Leningrad: Gosudarstvennoe izdatel’stvo, 1924. Item #1447
122,  pp. 18x13,5 cm. In original illustrated wrappers. Spine and some pages’ edges restored, covers rubbed and soiled, otherwise very good and clean internally. Second edition.
Collection of 6 articles by Leonid Krasin, Erikh Gollerbakh, Ivan Fomin, Lev Ilyin and Iakov Tugenkhold.
Cover design was produced by Maxim Ushakov-Poskochin (1893-1943) who was a book illustrator, poster designer and caricaturist. He contributed to more than 200 editions. For this book, he created the laconic design that featured an avant-garde monument in its center. It resembles the Tower of Babel, Tatlin’s Monument (1919-1920) and a blank leaf for an unrealized project together.
Internal decorations, including avant-garde head-, tailpieces and vignettes, as well as a title page framed by Ancient columns, were created by Latvian artist and poster designer Sigismunds Vidbergs (1890-1970).
The importance of creating a monument to Lenin was comparable to the importance of a pharaoh’s pyramid. In January 1924, the country lost its leader whom people were learning to chant for some previous years. People could not imagine how they would fit all the greatness of Lenin’s image into one structure, whatever it may be, especially in just a sculpture. The controversy about its design and functions began during Lenin’s lifetime and intensified after his death.
Along with the monument of the memory, the construction for keeping Lenin’s body (its design and functions) was an important question. Soon after the death, a wooden tomb was built and became its repository up to 1930. The book demonstrates the second version of this temporary wooden structure designed by Alexei Shchusev that was depicted by V. Trivas. Next to that, a Cubist project of constant mausoleum by Igor Fomin was printed with no comments. Since the moment of its construction in 1930, the roof of the mausoleum was used as a tribune where Soviet authorities appeared for the public, as well as some guests during celebrations on Red Square.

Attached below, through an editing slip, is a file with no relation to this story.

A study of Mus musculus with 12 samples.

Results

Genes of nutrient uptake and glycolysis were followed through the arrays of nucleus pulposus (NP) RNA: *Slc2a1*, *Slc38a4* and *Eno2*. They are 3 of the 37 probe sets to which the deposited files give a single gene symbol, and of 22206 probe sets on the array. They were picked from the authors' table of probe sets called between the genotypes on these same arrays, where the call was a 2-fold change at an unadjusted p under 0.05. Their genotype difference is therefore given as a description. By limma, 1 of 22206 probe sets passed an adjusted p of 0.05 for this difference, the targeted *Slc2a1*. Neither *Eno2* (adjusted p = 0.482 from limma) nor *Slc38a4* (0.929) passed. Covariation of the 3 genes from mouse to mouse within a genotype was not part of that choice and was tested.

As the first among equals, the monument of Lenin was planned to be built at Finland Station. The Academy of Arts held a competition of projects to depict Lenin speaking from atop an armored car. The book contains 5 projects that participated in it.
In opposite, the pompous monument that might have shown clearly the role of the first leader of the Communist party was never constructed. The book includes photographs of statues, bas-reliefs, busts by S. Merkulov, V. Mukhina, V. Andreev, I. Lazarev, I. Shadr, I. Mendeleevich and others, as well as projects created by 1924.
Despite this excitement, the synthetic monument glorifying Lenin and his input into the sociatist state had never been built. The book includes one project by A. Samokhvalov that might be considered an early project of the Palace of Soviets. Following projects for a competition would be created in the 1930s, including the winning project by B. Iofan that was supposed to be built.
Worldcat shows copies located in Harvard, Wisconsin, California, Washington Universities, Amherst and Concordia Colleges, NYPL.